Take 5 With David Merritt: Wrap Up Edition

Former Michigan point guard David Merritt has been kind enough to answer a few questions from time to time over the course of the season. He graciously agreed to answer a few questions one more time as we begin to wrap up the season.

imageThis season was obviously a major disappointment… Expectations for the program hadn’t been this high in years but the results left plenty to be desired. If you had to choose three reasons for Michigan’s struggles this year what would they be?

Shooting – for a system that relies heavily on outside shooting, Michigan just didn’t shoot the ball well enough plain and simple. There’s probably valid arguments about the offense and shot selection, however, I watched a number of games where we just couldn’t make wide open shots.

Lack of Edge/Chip/Toughness- I think the #15 ranking really hurt. The previous year, we really went about things with a chip on our shoulder because no one expected anything from us. I never felt that from this year’s team. The sense of urgency came and went way too often.

In fact, let’s just go with inconsistency as a whole. You just never knew what Michigan team was going to show up. Some nights they played really hard, and then other nights it looked like they weren’t there. I really don’t know what you attribute that to.

What needs to be done to regroup? How does this team pull themselves off the mat to prepare for next season? Does something need to be done differently in the off-season?

In terms of regrouping, I think Michigan should approach this off-season exactly how we did coming off our 10-22 season. I’m sure expectations will be a lot lower next year so this team should prepare with a chip on their shoulder everyday they enter the gym and weightroom. It’s really going to come down to accountability. Every single player must work extremely extremely extremely hard in this off-season, and if they’re not, someone needs to make them.

A lot has been made about the effect of "team chemistry" on this year’s team… As someone that played on last year’s team (one that was consistently praised for good chemistry) and covered this year’s team (where the opposite was true), what are your thoughts on the chemistry issue?

Not too sure about chemistry but I sure hated looking at the bench during games this year. They seemed like they were barely into it. Even if you are not playing, every single player should be involved in the game, up off the bench, and rooting the guys on.

Guard Darius Morris (#4) during Michigan's 67-53 victory over Arkansas-Pine Bluff at Crisler arena on Saturday December 5th 2009.  (SAM WOLSON/Daily)Darius Morris’ season was filled with ups and downs. 17.9% three point shooting is the glaring weakness but what do you see in Morris? Is he the point guard of the future? What does he have to do to take the next step?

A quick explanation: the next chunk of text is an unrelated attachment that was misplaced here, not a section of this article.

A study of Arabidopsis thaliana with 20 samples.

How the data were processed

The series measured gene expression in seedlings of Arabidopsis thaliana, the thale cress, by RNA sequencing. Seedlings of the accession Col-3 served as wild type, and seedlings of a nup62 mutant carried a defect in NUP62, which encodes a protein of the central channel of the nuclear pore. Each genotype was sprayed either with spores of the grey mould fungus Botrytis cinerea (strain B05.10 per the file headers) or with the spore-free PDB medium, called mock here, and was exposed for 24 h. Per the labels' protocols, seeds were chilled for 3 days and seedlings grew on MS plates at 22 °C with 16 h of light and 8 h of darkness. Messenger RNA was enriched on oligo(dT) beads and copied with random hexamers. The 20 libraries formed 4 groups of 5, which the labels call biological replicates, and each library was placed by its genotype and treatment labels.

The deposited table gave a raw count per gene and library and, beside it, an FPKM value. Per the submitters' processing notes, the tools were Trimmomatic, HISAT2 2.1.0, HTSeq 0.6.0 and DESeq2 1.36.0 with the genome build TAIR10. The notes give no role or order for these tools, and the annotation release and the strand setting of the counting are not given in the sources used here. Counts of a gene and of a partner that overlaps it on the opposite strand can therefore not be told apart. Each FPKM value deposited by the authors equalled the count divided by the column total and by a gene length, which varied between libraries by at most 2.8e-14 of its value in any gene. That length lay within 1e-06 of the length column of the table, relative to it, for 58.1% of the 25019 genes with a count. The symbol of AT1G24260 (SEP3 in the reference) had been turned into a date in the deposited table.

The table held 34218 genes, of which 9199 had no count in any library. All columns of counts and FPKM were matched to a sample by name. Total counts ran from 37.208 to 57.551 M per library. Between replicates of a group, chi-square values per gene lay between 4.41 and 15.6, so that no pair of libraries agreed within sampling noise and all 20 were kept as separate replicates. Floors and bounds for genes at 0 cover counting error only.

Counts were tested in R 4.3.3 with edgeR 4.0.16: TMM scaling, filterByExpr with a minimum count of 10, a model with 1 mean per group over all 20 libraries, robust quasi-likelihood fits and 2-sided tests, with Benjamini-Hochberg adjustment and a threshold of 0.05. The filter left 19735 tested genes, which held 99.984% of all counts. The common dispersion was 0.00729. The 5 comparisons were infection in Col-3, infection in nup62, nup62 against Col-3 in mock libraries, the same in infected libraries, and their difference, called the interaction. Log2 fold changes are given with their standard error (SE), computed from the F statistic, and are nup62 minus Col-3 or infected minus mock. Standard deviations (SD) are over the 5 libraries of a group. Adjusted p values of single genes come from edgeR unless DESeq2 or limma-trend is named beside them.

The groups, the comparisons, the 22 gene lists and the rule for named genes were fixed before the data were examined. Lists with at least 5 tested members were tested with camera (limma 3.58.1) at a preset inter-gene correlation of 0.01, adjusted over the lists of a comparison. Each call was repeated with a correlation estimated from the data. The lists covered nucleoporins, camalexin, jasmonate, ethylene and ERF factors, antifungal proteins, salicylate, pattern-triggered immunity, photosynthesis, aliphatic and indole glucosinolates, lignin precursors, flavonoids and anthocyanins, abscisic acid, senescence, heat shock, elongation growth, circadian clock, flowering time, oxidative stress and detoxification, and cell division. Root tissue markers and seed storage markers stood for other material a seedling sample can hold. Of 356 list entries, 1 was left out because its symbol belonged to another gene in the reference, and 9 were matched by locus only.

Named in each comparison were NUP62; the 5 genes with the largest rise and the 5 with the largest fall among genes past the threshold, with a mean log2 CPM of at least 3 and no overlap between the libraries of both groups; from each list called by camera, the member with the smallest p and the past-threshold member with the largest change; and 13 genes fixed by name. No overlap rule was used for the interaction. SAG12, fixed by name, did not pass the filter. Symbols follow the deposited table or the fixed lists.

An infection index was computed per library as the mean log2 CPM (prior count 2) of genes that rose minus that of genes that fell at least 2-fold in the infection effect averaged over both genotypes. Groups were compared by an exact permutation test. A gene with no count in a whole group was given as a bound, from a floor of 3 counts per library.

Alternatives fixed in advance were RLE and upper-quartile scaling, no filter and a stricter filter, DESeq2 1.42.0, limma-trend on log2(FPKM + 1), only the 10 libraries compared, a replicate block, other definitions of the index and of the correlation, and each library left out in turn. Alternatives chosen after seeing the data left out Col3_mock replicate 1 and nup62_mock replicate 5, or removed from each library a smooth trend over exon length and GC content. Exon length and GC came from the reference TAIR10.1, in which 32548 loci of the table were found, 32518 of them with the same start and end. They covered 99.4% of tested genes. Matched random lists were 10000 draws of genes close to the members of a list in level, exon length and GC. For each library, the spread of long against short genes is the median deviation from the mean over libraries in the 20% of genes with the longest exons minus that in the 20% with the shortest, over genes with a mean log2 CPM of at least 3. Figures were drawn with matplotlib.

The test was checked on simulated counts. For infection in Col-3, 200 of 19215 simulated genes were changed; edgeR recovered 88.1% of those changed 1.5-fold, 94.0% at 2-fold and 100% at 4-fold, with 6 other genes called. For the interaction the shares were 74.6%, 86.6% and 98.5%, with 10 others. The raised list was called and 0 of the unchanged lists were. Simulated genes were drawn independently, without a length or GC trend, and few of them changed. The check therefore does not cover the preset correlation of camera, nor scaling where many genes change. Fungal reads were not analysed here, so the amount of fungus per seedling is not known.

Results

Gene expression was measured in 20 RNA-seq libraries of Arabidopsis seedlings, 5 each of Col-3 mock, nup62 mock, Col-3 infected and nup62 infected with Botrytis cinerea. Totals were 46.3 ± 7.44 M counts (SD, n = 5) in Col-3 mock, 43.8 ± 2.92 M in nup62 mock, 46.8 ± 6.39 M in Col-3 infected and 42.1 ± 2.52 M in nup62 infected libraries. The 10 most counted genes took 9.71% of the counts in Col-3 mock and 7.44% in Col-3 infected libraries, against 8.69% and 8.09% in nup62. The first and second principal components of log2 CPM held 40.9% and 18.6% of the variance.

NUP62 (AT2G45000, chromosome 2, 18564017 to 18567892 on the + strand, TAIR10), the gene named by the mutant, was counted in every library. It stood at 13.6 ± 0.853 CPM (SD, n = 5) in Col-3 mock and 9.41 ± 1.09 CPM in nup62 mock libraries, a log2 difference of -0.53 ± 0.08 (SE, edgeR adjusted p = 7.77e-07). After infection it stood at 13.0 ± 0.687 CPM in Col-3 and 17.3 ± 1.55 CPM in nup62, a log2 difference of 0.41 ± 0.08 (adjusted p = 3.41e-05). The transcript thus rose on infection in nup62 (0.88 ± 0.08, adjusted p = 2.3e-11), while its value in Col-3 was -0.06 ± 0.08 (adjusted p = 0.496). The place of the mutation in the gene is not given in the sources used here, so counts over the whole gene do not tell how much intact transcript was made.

I really like Darius. He’s a keeper in my book because of his athleticism and strong point guard skills. In the second half of the season, I felt he greatly improved and matured as he learned more and more of the system.  However, he’s going to have to improve his outside shot. It’s a must. And if he doesn’t, it’s going to be tough for Coach to always have him in there because teams didn’t respect his shot enough to guard him away from the ball.

The 1-3-1 zone didn’t seem to work for much of the year and similar to last year it was basically scrapped before season’s end. What problems do you see in the 1-3-1? Does Michigan not have the personnel to run the 1-3-1 or is there something else that just isn’t working?

The 1-3-1 is a quirky defense. Sometimes it works and sometimes it doesn’t. One night, you can use it to force 15 turnovers. The next night, you can switch to the 1-3-1 and the opposing team will hit 3 straight three pointers and you don’t use it the rest of the night. I don’t have any answers in terms of personnel, but I know it’s a defense everyone must buy into 100% for it to work.

If you had a magic wand and could add two players to this roster with any skill-set of your choosing what type of players would you take?

An athletic 7 footer that was tough, could bang down low and step outside and shoot. A 6-8 power forward that could shoot the 3 pretty well but also got down and dirty. I would really take some players that added height, toughness, grit, and the ability to create shots for themselves. I know I’m asking for a lot.